6 Myths and Facts about Oral Cancer
Oral cancer is cancer that occurs inside the mouth or oral cavity. It can occur on the gums, roof, and floor of the mouth, lips, sinuses, tongue, throat, and inner linings of the cheeks. Research suggests that about 50,000 Americans are diagnosed with oral cancer annually. Like other cancers, oral cancer is deadly if not diagnosed and treated early. Regular screenings with your dentist or doctor can help detect and treat oral cancer early.
Like most health conditions, there are many myths and misconceptions about oral cancer. This article looks at the six most common myths about oral cancer and their facts.
Myth 1: Oral cancer is rare
One common myth about oral cancer is that it’s rare. The fact is that oral cancer is relatively common. Each year, more than 500000 people in the U.S. are diagnosed with oral and oropharyngeal cancer. Factors that can increase your risk include:
- Tobacco use like cigars, cigarettes, pipes, and chewing tobacco
- Heavy alcohol consumption. The risk is higher if you combine alcohol and tobacco use.
- A weakened immune system
- HPV (Human papillomavirus) is a sexually transmitted virus.
- Excessive sun exposure can cause lip cancer.
Myth 2: Young people don’t have to worry about oral cancer
Although your cancer risk increases with age, especially after 50, it doesn’t mean that young people can’t get it. Factors like human papillomavirus (HPV), excessive sun exposure, and heavy alcohol and tobacco use can increase the risk of young people developing oral cancer.
Myths 3: Only smokers get oral cancer
While smoking increases your risk of oral cancer, it doesn’t mean you can’t get the disease if you don’t smoke. Similarly, not all people who smoke get oral cancer or any cancer at all. The fact is that tobacco and nicotine only increase your risk of oral cancer. The risk is even worse if you combine smoking and heavy alcohol consumption. Besides smoking, other factors like HPV and genetics can increase your risk of oral cancer even if you don’t smoke.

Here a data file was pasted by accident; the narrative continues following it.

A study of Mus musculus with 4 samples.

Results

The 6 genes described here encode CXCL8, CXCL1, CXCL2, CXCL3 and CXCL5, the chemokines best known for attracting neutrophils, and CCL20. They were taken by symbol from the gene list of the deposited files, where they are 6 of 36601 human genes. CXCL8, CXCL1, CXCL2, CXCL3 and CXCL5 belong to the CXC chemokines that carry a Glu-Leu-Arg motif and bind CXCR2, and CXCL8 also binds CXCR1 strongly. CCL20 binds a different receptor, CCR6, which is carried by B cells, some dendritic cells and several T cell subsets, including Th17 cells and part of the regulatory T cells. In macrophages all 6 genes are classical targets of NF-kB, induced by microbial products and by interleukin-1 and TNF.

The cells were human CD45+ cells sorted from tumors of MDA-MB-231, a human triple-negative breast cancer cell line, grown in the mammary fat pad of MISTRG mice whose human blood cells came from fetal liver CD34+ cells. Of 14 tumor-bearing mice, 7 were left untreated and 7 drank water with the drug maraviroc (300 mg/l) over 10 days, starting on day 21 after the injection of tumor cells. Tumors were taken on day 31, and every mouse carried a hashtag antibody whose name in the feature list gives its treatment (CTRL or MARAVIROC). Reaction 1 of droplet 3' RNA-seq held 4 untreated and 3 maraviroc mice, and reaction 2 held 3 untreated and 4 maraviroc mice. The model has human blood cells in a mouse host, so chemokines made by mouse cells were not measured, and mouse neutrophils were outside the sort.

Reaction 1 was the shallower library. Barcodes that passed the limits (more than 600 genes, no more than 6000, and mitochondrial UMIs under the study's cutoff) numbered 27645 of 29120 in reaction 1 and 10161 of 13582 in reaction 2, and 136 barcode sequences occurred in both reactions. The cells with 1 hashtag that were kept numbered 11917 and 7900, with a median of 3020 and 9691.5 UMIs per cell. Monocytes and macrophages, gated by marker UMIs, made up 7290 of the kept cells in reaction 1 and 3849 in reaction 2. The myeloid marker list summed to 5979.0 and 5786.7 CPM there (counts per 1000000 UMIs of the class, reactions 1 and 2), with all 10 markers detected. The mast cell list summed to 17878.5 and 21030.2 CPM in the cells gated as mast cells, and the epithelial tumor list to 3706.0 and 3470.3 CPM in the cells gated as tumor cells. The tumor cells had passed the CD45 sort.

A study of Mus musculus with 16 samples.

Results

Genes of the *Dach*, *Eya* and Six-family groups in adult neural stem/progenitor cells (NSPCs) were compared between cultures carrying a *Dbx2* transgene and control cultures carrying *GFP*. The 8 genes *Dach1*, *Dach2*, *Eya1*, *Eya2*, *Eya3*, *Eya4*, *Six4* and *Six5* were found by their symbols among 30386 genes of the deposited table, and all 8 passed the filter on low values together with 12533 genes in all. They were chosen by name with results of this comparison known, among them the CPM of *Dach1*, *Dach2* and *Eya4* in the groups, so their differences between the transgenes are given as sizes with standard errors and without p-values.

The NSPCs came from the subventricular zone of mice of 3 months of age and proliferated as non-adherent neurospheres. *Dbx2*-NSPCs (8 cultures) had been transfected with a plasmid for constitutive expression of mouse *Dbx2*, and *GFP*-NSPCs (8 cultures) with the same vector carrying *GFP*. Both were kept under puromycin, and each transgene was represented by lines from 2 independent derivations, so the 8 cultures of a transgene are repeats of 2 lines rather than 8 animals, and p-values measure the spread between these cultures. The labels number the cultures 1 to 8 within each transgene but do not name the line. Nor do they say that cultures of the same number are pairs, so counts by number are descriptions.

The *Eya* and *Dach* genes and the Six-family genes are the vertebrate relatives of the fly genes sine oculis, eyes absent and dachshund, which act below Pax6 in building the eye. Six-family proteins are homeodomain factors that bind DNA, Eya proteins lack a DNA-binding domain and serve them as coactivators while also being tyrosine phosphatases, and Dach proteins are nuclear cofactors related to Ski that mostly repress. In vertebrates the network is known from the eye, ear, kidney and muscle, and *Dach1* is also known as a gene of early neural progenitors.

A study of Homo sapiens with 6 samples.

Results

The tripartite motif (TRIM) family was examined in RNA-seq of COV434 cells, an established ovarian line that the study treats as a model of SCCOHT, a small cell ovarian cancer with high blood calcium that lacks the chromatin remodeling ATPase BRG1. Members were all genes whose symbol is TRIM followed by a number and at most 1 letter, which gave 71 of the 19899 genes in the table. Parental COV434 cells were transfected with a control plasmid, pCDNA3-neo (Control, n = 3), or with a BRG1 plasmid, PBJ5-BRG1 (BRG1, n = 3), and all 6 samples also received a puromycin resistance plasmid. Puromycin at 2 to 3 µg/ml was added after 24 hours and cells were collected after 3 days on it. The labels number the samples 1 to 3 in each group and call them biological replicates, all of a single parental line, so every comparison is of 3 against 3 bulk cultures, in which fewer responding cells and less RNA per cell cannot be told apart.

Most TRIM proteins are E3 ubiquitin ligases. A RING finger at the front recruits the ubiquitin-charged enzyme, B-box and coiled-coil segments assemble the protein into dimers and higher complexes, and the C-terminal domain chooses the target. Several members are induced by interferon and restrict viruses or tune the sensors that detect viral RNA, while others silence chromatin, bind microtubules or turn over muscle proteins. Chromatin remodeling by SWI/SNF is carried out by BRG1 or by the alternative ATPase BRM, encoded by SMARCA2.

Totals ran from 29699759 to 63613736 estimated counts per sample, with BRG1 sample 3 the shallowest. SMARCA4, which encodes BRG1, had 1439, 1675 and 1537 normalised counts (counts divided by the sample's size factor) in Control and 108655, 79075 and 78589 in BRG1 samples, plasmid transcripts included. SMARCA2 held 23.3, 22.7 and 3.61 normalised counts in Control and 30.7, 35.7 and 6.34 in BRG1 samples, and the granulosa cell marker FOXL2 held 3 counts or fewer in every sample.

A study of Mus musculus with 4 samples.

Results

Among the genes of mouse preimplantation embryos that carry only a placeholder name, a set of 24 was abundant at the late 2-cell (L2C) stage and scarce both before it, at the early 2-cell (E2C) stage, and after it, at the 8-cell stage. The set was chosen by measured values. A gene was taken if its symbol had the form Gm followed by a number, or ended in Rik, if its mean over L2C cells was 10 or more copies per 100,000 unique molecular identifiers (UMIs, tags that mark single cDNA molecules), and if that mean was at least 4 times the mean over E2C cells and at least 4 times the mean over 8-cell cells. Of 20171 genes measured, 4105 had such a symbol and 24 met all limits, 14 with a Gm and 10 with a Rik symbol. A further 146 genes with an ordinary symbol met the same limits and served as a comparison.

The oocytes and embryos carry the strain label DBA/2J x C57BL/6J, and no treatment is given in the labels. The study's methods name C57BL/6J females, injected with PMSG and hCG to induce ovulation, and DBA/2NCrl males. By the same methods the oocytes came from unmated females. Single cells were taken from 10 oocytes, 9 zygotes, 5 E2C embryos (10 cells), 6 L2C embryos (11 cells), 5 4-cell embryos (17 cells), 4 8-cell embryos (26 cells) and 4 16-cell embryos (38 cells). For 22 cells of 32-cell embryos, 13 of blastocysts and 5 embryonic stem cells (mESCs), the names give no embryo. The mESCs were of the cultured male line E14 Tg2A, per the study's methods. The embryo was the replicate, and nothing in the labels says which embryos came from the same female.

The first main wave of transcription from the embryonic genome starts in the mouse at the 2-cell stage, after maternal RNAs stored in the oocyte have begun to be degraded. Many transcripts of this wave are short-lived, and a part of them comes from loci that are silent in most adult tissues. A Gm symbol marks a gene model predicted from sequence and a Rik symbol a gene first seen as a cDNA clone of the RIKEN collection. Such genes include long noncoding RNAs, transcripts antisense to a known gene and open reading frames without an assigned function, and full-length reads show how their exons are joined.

Myth 4: There’s nothing that you can do to protect yourself from oral cancer
While the specific cause of oral cancer can be challenging to establish, there are things you can do to reduce your risk of developing the condition. These include:
- Quit tobacco use
- Avoid heavy alcohol consumption
- Avoid highly processed foods. Eat healthier foods like broccoli, cabbage, cauliflower, Brussels sprouts, fish, nuts, fresh fruits, and olive oil.
- Practice safe sex to prevent the risk of HPV – a cancer-linked virus
- Limit sun exposure and apply lip balm with SPF to avoid lip cancer
Myth 5: Only high-risk individuals are screened for oral cancer
The fact is that oral cancer screening should be a part of your regular dental exams, whether or not you’re at a high risk of developing the disease. During the exam, the dentist examines your mouth, tongue, throat, lymph nodes, inside cheeks, lips, and neck for early signs of oral cancer like abnormal lumps, sores, and discoloration. Fortunately, the exam is usually quick and non-invasive. If the dentist finds any suspicious signs, they may recommend additional exams like a biopsy to confirm the results.
Doctors and dentists recommend that adults have at least one oral screening yearly. These routine screenings facilitate early diagnosis of oral cancer when treatment is more likely to be more successful, less invasive, and less costly. Oral cancer can develop over a couple of years. Without routine screening, you might know you have the disease until it’s too late. Oral cancer might be hard to reverse at late stages and can even lead to death.
Myth 6: It’s easy to spot oral cancer signs and symptoms
Like many diseases, oral cancer can develop over several years without showing significant symptoms. Similarly, it can develop in areas like the tonsils, the base of the tongue, and the lymph nodes, making it hard to notice.
Unlike you, your dentist can notice early symptoms of early cancer. Routine screenings allow for early diagnosis and treatment, preventing the disease from spreading excessively. Visit our dental office near you if you experience the following symptoms:
- Persistent sores on the neck, face, or mouth that don’t heal quickly
- Unexplained oral bleeding
- Unexplained numbness, pain, loss of feeling, or tenderness in the neck, mouth, or face
- Dramatic weight loss
- A soreness or feeling of something stuck at the back of the throat
- Ear pain
- Difficulty swallowing, chewing, speaking, or moving the tongue or jaw
- Jaw pain or swelling
- Chronic sore throat, hoarseness, or change in voice
- A change in the way your denture or teeth fit together
- White or reddish patch on the inside of your mouth
Schedule an appointment today
Are you reeady to book your next oral cancer screening? Contact Greenlake Dental to speak with our Greenlake dentist.